Fever in the Funkhouse go back to their original recipe
As Deep Ellum regains its footing, one of the bands that gave the district its funky vibe in the '90s is doing the same. Fever in the Funkhouse brought an eclectic sonic mix and legions of fans to each gig back in those golden days. Now, they're hoping to bring them back, and win some more.
In 1988, Fever in the Funkhouse introduced fusions of country, funk, pop, jazz and rock to stages like Club Dada. The original line-up of Nikos Brisco, Jim Holbrook, Chris Claridy and Bryan Wakeland led a charge of local bands that cherished originality over pandering party tunes.
After flirting with major-label dotted lines and even landing a DOMA for Best Overall Act in 1991, the band called it quits in 1994. In 2008, a new version of the band featuring a couple original members performed a handful of shows. While Kenny Withrow and Dave Prez filled in admirably, the group seemed to collectively understand that the original configuration was its greatest.
Fever in the Funkhouse
Catch Fever in the Funkhouse Saturday, January 7, at Poor David's Pub. Hunter Hendrickson opens.
"I never wanted the band to break up to begin with," admits drummer Wakeland, who's also spent time in Tripping Daisy and the Polyphonic Spree. "I loved playing with Kenny and Dave and what they brought to us, but deep down it was always going to be more special with the original members."
"The motivation for this reunion is a beautiful moment in time where life, scheduling and fate have put us in a place where we can again create music for our loyal fans and for ourselves," says Brisco, the outfit's lead singer. "We have tried to keep it simple and get back to some of the original routines that worked for us in the past, as well as testing new ways to help us grow further as a band."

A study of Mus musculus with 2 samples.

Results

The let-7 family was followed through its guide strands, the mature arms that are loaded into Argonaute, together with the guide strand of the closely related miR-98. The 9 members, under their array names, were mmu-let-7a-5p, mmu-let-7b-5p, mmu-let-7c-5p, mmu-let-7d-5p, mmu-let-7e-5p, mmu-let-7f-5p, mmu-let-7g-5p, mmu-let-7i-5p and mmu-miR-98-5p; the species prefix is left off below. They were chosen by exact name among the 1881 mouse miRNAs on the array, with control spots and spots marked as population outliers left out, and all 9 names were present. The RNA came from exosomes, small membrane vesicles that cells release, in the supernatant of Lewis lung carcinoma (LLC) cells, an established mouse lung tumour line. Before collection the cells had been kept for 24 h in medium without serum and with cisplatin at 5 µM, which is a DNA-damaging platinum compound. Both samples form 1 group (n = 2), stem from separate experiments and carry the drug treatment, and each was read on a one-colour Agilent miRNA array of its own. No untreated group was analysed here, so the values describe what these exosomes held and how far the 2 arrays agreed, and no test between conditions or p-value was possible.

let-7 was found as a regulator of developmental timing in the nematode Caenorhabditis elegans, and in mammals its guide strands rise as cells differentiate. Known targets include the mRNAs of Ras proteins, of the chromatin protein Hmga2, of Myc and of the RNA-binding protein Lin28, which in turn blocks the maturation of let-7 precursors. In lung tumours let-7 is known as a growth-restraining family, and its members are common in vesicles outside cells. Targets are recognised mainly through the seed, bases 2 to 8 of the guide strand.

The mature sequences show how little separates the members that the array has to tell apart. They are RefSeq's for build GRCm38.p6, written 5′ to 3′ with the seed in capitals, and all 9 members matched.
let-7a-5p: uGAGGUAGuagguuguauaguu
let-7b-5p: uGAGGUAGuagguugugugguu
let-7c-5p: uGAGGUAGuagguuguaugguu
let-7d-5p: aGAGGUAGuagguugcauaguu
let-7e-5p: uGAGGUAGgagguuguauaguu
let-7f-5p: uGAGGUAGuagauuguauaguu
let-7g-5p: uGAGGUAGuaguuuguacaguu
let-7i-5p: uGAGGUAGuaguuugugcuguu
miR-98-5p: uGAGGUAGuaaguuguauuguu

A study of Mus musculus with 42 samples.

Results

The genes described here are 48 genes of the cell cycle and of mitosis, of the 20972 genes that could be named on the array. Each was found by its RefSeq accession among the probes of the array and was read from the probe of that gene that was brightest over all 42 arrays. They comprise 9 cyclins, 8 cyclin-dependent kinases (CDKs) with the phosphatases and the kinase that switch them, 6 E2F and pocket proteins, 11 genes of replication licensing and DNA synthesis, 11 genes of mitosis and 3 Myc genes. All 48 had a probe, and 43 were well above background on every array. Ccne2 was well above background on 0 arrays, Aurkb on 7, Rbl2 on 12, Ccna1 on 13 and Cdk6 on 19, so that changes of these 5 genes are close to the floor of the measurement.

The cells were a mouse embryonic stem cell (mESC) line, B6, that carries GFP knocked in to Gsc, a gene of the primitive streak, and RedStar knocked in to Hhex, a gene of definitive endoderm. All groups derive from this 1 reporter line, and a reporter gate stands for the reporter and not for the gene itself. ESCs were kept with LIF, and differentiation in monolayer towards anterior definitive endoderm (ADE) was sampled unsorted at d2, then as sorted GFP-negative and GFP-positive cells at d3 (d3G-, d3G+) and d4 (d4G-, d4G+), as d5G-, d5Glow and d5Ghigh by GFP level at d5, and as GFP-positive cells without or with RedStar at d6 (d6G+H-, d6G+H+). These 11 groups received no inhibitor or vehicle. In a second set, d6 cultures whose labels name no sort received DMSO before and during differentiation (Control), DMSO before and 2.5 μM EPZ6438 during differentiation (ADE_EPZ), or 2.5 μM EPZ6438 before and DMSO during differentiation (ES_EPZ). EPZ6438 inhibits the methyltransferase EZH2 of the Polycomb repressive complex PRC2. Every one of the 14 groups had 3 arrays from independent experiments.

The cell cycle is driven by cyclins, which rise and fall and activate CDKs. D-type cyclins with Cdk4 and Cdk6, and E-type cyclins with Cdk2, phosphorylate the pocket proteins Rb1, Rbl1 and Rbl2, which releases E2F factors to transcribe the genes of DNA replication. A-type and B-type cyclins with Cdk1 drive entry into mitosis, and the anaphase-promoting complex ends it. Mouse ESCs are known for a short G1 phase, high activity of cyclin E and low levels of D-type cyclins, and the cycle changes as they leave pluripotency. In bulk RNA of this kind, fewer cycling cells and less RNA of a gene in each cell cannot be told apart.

Creating music for loyal fans is a sensible goal, given that the group is still glowing from a successful 2010 Kickstarter campaign. In the span of 45 days, more than $16,000 was raised to help the band fund the production of their first proper album. Aside from the cash flow, feelings of validation have inspired the players on a new level. With the new record on the way, the band has no intention of living in the past, musically speaking. Bassist Holbrook waxes philosophical about it.
"Although Fever has a general idea about how we write and create, one of the most inspiring aspects to me is our open desire to explore new things," he says. "I suppose our musical terrain is based on finding new musical terrain."